Question of the Day
Given the way the season has gone for the Redskins, you have to wonder whether making the playoffs last year wasn’t the worst thing that could have happened to them. Well, you don’t have to wonder, I suppose, but humor me for a spell. I’ve got a column to write.
In January, of course, it seemed like anything but the worst thing that could have happened to the Redskins. Indeed, it was as if a dark cloud, which had hovered over Washington since 1993, had finally lifted — as if the Good Times were at long last back. But the euphoria of the moment may have given the team a false sense of security, clouded its vision of what still needed to be done to return the Redskins to the NFL’s elite. At least, that’s the way it looks now.
In the months following the playoffs, did a kind of organizational amnesia overtake the Redskins? Did people forget how incredibly fortunate the team was to win 10 games — and to go on that 5-0 run at the end? You could definitely make that argument.
By “incredibly fortunate,” I’m talking about the two virtual “Hail Marys” that won the first Dallas game and the kickoff return for a touchdown — by a player the Redskins had cut earlier in the season (Antonio Brown) — that made the difference at Arizona. I’m talking about getting to play the Bears when rookie Kyle Orton was quarterbacking them, the Rams when rookie Ryan Fitzpatrick was quarterbacking them, the Eagles when backup Mike McMahon was quarterbacking them and the Bucs when neophyte Chris Simms was quarterbacking them.
I’m also talking about the Redskins’ enviable good health. Their stars missed very little playing time last year. The worst injury they had to deal with was the loss of Randy Thomas with two games left in the regular season. Ray Brown filled in as well as he could, but he was, after all, 43 years old.
Playing Seattle so close (20-10) in the NFC semifinals may have done more harm than good, too. Yes, the Redskins hung tough, but did everybody forget that Shaun Alexander, the league MVP, got knocked out of the game early? The winning margin might have been a little wider if Alexander had gone the distance.
It’s not as if the Redskins’ master planners — Dan Snyder, Joe Gibbs, Vinny Cerrato and the rest — stood pat in the offseason. When have they ever? It’s that they either missed or ignored some of the most important lessons of 2005.
Lesson No. 1: We’re really not that close to the Super Bowl. We’re still a work in progress.
Lesson No. 2: Our depth wasn’t tested that much in 2005, but it probably will be this year. (See the Law of Averages.) So we need to find some quality reserves for the offensive and defensive lines, as well as for the secondary.
Lesson No. 3: Down the stretch, with the passing game struggling, we essentially took the ball out of Mark Brunell’s hands and asked Clinton Portis and Co. to carry the load. Is this the quarterback we want leading us next season — and possibly beyond?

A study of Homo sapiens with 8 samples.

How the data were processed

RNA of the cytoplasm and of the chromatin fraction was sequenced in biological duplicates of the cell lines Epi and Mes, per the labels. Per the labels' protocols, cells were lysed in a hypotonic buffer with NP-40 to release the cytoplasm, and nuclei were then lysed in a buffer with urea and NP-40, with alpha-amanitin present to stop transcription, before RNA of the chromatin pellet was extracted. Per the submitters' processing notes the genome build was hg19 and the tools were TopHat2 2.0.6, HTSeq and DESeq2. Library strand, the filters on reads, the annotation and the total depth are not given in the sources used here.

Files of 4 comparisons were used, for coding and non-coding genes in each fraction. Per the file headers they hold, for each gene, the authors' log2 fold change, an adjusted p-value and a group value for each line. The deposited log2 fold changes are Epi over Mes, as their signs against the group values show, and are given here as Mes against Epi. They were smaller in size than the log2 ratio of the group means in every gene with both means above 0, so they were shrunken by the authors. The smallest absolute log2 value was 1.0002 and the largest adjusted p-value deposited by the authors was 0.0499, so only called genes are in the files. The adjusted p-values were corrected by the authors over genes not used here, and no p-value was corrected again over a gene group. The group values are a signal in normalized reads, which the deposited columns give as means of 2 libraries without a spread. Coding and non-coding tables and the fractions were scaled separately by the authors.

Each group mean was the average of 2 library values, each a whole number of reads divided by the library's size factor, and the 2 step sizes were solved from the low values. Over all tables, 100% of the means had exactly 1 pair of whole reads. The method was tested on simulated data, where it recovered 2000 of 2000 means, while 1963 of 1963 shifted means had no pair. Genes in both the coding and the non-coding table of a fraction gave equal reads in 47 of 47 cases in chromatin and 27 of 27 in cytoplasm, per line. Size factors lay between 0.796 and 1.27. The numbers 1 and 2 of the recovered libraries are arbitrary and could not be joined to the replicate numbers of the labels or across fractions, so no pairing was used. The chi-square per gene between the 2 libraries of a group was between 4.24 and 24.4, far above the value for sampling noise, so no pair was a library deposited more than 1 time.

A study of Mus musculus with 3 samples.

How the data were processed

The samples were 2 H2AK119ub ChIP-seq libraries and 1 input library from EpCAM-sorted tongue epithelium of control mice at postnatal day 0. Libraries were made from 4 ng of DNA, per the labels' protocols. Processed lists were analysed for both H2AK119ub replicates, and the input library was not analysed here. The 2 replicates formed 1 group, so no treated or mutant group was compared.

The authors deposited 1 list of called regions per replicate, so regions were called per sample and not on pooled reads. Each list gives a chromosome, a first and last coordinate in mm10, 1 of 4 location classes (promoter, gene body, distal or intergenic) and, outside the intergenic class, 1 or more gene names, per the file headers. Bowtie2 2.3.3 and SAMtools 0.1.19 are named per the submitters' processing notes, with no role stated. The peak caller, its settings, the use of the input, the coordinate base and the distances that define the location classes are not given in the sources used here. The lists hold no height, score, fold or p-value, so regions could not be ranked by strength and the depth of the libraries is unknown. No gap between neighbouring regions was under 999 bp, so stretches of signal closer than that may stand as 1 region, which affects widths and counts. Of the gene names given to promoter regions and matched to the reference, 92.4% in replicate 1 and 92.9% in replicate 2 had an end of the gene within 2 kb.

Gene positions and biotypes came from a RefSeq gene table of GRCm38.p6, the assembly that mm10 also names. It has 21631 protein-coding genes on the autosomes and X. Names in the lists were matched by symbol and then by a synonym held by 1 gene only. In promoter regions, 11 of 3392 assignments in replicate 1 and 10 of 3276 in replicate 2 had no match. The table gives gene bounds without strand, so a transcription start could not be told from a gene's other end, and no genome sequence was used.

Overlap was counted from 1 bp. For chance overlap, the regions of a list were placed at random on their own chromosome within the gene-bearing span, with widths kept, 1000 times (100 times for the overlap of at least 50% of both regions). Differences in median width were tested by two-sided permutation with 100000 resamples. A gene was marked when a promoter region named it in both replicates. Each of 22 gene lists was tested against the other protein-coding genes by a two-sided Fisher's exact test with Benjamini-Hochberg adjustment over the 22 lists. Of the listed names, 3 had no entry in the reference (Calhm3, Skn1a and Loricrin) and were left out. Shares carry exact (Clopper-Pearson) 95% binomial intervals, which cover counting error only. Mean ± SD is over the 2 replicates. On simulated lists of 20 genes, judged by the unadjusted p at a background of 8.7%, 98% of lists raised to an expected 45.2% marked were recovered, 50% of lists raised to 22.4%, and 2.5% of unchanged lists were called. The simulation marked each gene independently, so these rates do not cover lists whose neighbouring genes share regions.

But instead of heeding these lessons, the Redskins threw big money at two receivers, Antwaan Randle El and Brandon Lloyd, when one would have been enough. (David Patten is still around, remember.) They also spent heavily on a strong safety (Adam Archuleta) and a pass rusher (Andre Carter). As for the depth in the lines and the secondary, it isn’t much better now than it was last year. And Brunell is still taking the snaps — and still throwing the ball horizontally.
When Cornelius Griffin got hurt, the Redskins had only a rookie, sixth-round pick Kedric Golston, to replace him. When Joe Salave’a came up lame, they had to turn to another rookie, fifth-round pick Anthony Montgomery. That’s their Plan B, two rookies taken on the second day of the draft?
When Shawn Springs had to miss five games, meanwhile, the Redskins plugged in journeyman Kenny Wright. Well, we’ve seen the results, and they haven’t been pretty. As Marcus Washington put it Sunday after the 36-22 loss to the Colts, “For whatever reason, we just can’t seem to get it going [on defense] like we did the last two years.”
OK, now imagine if the Redskins had missed the playoffs, lost out on a tiebreaker or something. Would they have lollygagged quite so much this summer in their exhibition games — or would they have come to camp a little hungrier, a little angrier? And what about Snyder and his braintrust? Would they have been nearly as eager to splurge on a handful of big-ticket free agents, convinced the club was “just a few players away,” or would they have told themselves, “We still have a lot of holes to fill” — and spread the money around a bit more?
You know that oft-spouted line about the military, about how it’s always “fighting the last war”? Well, the Redskins, judging from their offseason decision-making, seem to be trying to win the last Super Bowl. Having Randle El and Lloyd to run pass patterns (instead of Taylor Jacobs and James Thrash) might have gotten them to Detroit … or not. But it’s a moot point. That was last year. The circumstances are different now — and so are the team’s needs.